Saturday, September 15, 2007

Illustrating the problem ...

I discovered this on an old bulletin board discussion, and it presented itself as an attempt to explain irreducible complexity.
[Richard Dawkins] points out (In 'Devil's Chaplain') that all species experience freak mutations from time to time. This is only natural. And these disfigured creatures don't die automatically. If they live long enough to breed, their mutation becomes part of the next generation, and can even become an asset down the line.

Slug -> Slug with hardnened calcium [sic] on back ->->->-> slugs with most calcium don't get eaten as much ->->->->->->->->->->->->->->->-> Snail

I'm not saying that example is necassarily true (I'm not an expert on slugs...) but it explains the general theory, and fits in with scientific fact.
Well, nobody is arguing with the proposed general model of evolution - we all know that mutations are supposed to be the engines of evolution. No big deal there, if this is what Dawkins is suggesting.

But let's look at this example. Set aside also for now the issue of whether or not this process is observed in evolutionary history - whether we see intermediates between slug and snail. This "story" doesn't actually explain anything, in scientific terms. All it does is repeat the proposed mechanism, in the context of slugs and snails, whilst adding no further detail.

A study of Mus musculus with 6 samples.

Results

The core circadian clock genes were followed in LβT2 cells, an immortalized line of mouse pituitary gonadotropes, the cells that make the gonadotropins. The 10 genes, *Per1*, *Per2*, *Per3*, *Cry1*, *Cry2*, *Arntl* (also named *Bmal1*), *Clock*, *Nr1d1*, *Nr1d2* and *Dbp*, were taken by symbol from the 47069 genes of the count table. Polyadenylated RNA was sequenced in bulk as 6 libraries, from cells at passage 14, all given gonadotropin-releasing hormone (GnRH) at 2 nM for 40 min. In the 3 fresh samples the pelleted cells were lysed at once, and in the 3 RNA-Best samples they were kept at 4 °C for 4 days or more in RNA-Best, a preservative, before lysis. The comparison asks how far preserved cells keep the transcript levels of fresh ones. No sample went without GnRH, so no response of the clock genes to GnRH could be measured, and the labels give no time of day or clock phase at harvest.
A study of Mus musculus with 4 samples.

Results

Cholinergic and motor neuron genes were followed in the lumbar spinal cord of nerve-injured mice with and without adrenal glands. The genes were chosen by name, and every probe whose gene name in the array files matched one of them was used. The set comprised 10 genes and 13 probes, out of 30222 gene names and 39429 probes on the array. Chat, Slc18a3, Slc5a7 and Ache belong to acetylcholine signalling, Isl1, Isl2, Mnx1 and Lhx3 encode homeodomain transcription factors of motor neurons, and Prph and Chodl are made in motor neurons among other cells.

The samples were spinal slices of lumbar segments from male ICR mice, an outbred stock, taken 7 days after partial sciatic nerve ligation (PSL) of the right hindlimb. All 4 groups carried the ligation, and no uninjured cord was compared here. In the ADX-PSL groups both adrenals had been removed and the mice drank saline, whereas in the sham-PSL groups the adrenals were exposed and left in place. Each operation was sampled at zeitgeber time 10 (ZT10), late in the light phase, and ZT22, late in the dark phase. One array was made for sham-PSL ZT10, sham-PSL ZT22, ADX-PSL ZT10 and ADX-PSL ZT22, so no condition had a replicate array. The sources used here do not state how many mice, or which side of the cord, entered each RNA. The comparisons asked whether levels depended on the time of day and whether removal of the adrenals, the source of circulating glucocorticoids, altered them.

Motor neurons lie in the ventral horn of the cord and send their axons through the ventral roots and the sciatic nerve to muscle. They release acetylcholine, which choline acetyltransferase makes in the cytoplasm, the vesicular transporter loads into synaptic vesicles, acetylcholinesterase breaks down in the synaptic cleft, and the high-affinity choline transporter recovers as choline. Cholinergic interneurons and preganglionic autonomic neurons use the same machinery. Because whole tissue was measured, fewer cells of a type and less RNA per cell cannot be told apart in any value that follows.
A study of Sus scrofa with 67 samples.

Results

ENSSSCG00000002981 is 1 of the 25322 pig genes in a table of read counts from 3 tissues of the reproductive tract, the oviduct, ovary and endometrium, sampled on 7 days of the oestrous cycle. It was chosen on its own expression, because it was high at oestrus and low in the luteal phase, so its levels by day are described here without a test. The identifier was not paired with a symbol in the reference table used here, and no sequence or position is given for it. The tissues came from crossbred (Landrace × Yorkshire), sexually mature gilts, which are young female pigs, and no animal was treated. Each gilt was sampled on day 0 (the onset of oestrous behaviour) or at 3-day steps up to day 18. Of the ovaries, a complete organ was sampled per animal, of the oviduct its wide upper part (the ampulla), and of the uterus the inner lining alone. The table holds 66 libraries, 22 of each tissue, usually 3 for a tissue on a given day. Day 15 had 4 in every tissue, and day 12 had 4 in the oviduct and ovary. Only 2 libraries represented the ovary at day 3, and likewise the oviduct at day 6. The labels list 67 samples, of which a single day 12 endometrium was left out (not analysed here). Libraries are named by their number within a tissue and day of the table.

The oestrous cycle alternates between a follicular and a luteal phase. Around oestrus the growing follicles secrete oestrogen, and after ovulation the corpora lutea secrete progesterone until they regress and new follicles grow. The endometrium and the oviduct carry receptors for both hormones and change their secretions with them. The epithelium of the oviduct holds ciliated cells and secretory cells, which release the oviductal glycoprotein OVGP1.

What "mutation" causes a slug to have "hardened calcium" on its back? It won't be just the substitution of one DNA base. I seriously doubt that it would be the addition of just one protein. The slug would have to evolve a mechanism for synthesising the calcium based compounds, and a mechanism for secreting these compounds onto its back, and a mechanism for regulating this secretion and synthesis. There would have to be additional differentiation in the secretory cells. In fact, I would suggest that a single mutation which led to such an evolutionary step becoming apparent would have to have been preceded by substantial developments, which yielded no substantive evolutionary advantage.

As it happens, once the means of getting layers of calcite onto the back of the slug/snail intermediate are there, the means of getting the curly shell could be more straightforward - they could be a function of continued differential secretion. But the real evolutionary challenge is the one represented in this extract by the single arrow.

That's one of the issues that I have with darwinism. It accepts the "just-so stories" as being sufficient answers - at least for the proles who don't really understand. Certainly there are scientists who go on looking for answers, and I'm not saying "God did it" - it is thoroughly appropriate to continue to explore exactly how such processes occurred. But the published answers that everybody is told aren't based on evidence; they are based on a prior commitment to a naturalistic explanation. I would suggest that, although examples of small-scale evolutionary changes are readily available, the number of detailed explanation of even apparently slight evolutionary physiological changes is very small.